How being sustainable can boost our levels of finances
Hie there! Welcome to the month of May. It’s my hope that you had an enjoyable holiday as we recently celebrated Workers’ Day on the 1st. Africa Day is also around the corner and I hope you’re also looking forward to celebrating our culture and being African.
Something to think about though, if we don’t take caution on how we operate or go about in our daily routines we’ll be destroying the beauty of our shared continent- including its resources. Let’s take for instance yet again, Lake Kariba which is the world’s largest man-made lake and reservoir, lying between Zimbabwe and Zambia. If we don’t address water pollution; it may one day be full of toxins considering water bodies flow into each other and have different catchment areas; then the biodiversity and aquatic life, there will be affected.
If the fish there cannot survive the levels of pollution they will die or move; the fishermen who depend on fishing for their income will make less catches and less money; or other companies that buy kapenta will get fewer supplies…less sales…less revenues…less profits…well it’s a cycle of consequences that we tend to at times overlook.
Also, because of climate change and drought the water levels will continue to drop and where will our pride as Zimbabwe in one of our tourist attractions go? Where will our pride as AFRICANS go…if we do not take care of our income and livelihood supporting resources?
Main issue at hand for the day…
Today we shall be looking into how sustainability can help us be in a better fiscal position- which in simple terms means finance or money in general.
Some of the benefits I shall highlight are allegedly being enjoyed by communities in California; and it is merely through incorporating sustainable strategies that the fiscal health of their local agency and economic prosperity of local residents and businesses. It’s important to note that these may not be enjoyed immediately, it take time but I believe it’s worth the effort over that long time period.
I also believe if we can emulate some Western practices such as dressing; copy soccer moves from the European soccer league games we watch; or learn how to bake from YouTube videos from people all over the globe; then we should be in a position to adopt sustainable practices from other countries too.
Being sustainable can help cut our bills/expenses
There are several ways to go green that can help you cut down your expenses, both at home and on a commercial level. Using less water or adopting better water management techniques by for instance brushing your teeth with water in a glass rather than leaving the tap running, taking short showers and flushing toilets less frequently can help cut down your water bills.
On the other hand, switching off lights during the day, using energy saving light bulbs, not overcharging laptops or phones; switching off appliances, equipment or things like televisions, computers or even unplugging washing machines or microwaves when not in use are some ways you can also cut down your electrical bill. Another way to lower your energy bill in the long run would be to actually invest in biogas for cooking and heating purposes or switching to solar. You can also switch to eco-friendly home appliances that do not use so much electrical energy.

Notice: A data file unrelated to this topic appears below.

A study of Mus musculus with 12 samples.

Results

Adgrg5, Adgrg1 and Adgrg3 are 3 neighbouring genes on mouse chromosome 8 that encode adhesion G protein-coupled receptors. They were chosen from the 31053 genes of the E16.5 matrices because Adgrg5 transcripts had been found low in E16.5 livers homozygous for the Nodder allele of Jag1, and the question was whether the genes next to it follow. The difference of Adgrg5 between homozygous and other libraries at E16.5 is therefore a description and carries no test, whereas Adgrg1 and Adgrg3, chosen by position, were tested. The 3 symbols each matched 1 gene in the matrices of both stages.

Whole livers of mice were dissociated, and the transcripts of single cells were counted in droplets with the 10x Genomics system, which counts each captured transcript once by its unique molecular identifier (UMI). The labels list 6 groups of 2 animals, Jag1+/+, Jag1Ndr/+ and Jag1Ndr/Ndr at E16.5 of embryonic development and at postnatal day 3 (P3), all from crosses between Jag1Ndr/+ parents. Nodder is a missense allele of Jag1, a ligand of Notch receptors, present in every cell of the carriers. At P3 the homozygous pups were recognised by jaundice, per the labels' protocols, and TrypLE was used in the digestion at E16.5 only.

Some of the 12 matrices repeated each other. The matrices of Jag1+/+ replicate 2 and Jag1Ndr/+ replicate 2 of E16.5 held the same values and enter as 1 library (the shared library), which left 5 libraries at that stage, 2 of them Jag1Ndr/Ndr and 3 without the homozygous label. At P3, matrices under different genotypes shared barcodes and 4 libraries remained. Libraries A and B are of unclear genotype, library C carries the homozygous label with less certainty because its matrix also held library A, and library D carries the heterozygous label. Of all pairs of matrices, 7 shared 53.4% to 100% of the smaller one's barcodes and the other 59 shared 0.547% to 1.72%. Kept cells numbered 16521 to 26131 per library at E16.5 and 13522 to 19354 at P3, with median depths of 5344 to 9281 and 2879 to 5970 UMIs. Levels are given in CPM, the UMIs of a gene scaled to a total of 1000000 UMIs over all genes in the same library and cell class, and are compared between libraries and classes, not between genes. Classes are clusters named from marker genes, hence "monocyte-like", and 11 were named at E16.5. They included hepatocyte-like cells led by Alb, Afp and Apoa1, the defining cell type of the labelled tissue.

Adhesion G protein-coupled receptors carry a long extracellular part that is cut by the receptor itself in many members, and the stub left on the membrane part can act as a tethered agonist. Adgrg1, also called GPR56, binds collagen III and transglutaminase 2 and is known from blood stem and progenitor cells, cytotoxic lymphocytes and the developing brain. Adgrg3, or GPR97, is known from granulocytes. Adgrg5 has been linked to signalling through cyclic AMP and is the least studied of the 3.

In commercial set-ups or in work-places; adopting and encouraging your workmates or employees to be sustainable can help all of you make more profit if expenses are cut down. This will help you probably get a pay-raise in the long run and enable you to invest in other projects or boost your spending power.
Sustainability can help boost tax and fee revenues through increased economic activity and property value.
In the long run, if businesses can make more profits and more people can engage in economic activities as their income levels increase and they can also start their own businesses- if they want; this can help boost tax and fees revenue. This also means more funds will be made available for providing public services as required.
Being sustainable can also enable us to cut down future costs.
To me this is highly sensitive, for one reason or the other. Some mining practices being carried out are resulting in the heavy pollution of some of our water bodies right here in our midst. Maybe we ignore that these water bodies support livelihoods or provide water for domestic purposes; as I was informed that some people actually have to walk long distances to get access to clean water because the water readily at their disposal is not safe for using.
One thing we need to bear in mind is that some of the resources we have are “scarce”. There is a small percentage of freshwater that’s available to us as humanity, but if we cannot manage what we have and pollute all water bodies…it will be a bonus for water bottling countries because the demand for their water will go up, but it might surely put some off-budget. If more water bodies are left to be highly intoxicated it might require large amounts of money to purify such, so why not avoid that in the first place?
Food for thought.
Next topic of analysis
We’ll end here for today. Next time we’ll be looking into how sustainability can also lead to economic development.
In the part of Zimbabwe I stay it appears winter has started creeping in so we might need to start looking for our winter clothing and two-in-one blankets. That’s it from me for now. Have a good two weeks!